Today I'd like to tell you how you can create this kind of promotion for your own biz, blog, or shop.
If you're just joining us, you may want to go back and read Monday's post to learn the basics of this kind of promotion.
In Monday's blog post, I suggested different kinds of items you could give away for this kind of promotion. Since cards are easy, though, let's explore that avenue.
You can use your own images to print greeting cards at Flickr (check on Extending Flickr,) Photobucket, Vistaprint, pretty much any online photo storage site, your local photo printing shop, a local copy shop, or if you have a high-quality printer you could print your own. (Be careful about using your own printer, though. These cards cannot look cheap.) You could also get blank greeting cards at a craft store and use a quality photo adhesive to attach printed photos to the cards.
If you make your own photo cards, be sure to sign the card under the photo, just like artists sign their work. This elevates the perception of quality and makes the card more "exclusive." Besides, you need your existing customers to be excited about the cards, want to send them all out, and feel good about sending their friends a quality item.
Of course, make sure your photos are clear, professional looking, and appropriate for the card. You also need to make sure that you have the rights to use the photos. (Please always respect copyright laws.)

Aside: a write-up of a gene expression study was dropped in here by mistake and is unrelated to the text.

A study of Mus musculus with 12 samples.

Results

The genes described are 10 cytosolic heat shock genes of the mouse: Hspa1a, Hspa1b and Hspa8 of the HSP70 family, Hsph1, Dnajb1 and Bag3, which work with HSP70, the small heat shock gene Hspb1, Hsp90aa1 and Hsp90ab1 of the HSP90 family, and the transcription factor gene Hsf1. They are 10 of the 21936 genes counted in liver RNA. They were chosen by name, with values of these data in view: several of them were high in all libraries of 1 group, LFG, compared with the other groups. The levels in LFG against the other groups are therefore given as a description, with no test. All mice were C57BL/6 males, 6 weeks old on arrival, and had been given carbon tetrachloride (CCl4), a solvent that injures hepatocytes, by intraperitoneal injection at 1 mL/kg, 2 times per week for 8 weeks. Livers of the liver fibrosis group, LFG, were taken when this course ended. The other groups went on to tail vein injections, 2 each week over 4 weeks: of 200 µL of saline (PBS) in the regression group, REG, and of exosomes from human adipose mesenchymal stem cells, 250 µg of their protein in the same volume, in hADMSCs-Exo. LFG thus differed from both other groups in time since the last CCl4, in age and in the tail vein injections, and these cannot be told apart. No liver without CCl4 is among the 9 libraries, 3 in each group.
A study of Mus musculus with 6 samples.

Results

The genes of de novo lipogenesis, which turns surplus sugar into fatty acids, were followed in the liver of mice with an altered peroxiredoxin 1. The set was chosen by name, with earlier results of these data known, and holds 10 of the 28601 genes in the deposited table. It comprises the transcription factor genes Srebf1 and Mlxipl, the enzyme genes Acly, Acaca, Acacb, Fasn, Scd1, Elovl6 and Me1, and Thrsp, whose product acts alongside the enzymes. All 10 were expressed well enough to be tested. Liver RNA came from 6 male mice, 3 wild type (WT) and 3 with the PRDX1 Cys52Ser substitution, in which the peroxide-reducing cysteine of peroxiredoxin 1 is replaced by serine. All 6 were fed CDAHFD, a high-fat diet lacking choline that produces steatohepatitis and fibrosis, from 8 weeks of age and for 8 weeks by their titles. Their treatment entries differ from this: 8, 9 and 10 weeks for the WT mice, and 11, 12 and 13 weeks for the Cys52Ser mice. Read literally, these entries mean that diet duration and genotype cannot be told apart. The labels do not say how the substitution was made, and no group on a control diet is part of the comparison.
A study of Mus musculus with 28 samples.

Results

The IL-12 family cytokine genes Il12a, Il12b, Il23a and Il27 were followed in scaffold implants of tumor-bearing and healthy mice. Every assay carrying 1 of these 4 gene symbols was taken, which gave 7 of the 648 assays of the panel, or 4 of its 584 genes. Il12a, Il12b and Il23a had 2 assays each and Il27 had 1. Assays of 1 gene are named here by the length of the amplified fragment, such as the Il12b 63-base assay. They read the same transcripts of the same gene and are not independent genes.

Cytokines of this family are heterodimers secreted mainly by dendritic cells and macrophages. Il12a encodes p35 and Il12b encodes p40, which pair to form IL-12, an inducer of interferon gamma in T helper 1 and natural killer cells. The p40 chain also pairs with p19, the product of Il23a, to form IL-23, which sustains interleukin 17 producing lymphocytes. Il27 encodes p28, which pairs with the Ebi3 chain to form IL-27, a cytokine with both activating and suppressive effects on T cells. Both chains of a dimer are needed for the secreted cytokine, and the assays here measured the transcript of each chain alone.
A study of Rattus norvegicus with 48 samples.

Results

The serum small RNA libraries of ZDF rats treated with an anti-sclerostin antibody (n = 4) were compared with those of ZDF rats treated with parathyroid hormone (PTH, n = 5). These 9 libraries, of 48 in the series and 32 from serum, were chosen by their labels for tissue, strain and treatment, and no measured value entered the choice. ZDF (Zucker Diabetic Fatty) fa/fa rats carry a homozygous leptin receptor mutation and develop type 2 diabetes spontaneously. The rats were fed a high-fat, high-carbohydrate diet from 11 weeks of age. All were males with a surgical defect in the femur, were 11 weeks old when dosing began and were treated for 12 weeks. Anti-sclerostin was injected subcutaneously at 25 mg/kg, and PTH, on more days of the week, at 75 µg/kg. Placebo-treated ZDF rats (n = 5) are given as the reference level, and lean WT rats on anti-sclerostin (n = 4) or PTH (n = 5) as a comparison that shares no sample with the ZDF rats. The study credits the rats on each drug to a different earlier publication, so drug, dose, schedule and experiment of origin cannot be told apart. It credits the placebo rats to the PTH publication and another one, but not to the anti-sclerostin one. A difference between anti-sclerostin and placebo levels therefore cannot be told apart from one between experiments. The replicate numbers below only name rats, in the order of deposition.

Just so you have an idea of the cost to print cards, the cards at Flickr (via Moo) are $24.95 for 10 greeting cards or $10.99 for 16 note cards. This is just one example in many many many options out there. You will need to do a little research (try Googling "Print your own greeting cards") and find one that is a good fit with what you're doing.
If you make cards or enjoy scrap booking, you could whip up a set of your own handmade cards, as well.
Add your coupon code to the back of the card with easy to follow instructions on how to redeem it.
Here's an example of how your promotion would work:
(I'll use my plates business as the example.)
When someone buys a Pass It On Plate Lite at the current full retail value of $29.95, they receive 5 photo birthday cards (that I made at Flickr) to send to their friends. The photo cards have a beautiful food picture on the front and the recipe inside the card on the left. On the back of the card is a coupon for a free PlateWrap (and free shipping, of course.)
If my customer sends out all five cards, and all five people redeem their free PlateWrap, here's what it cost me to acquire each new customer:
- While I'm not going to reveal my cost vs. retail price, let's just assume my cost for each PlateWrap is $10.
- I sent my customer $12.50 in greeting cards. (10 cards for $24.95)
- They send out all five cards, each of whom redeem their free gift. (My cost is $10 per gift.)
- A $10 item cost times 5 people = $50 in free merchandise
- $50 in free merchandise + $12.50 for greeting cards = $62.50
- $62.50 divided by 5 people is $12.50. (...an interesting coincidence.)
- My new customer cost only $12.50 to acquire. Now I can continually market to this customer and (sit down for this) send them my regular snail mail newsletter.
$12.50 is a bargain.
Please leave comments here if you have questions about how you can make this work for you. Also, if you try this, please post links to your site or blog where you announce this promotion. I'd love to see what creative idea you came up with (and I'll do a little advertising for you.)
(And remember, all comments are do-follow, so your comment left here supports YOU.)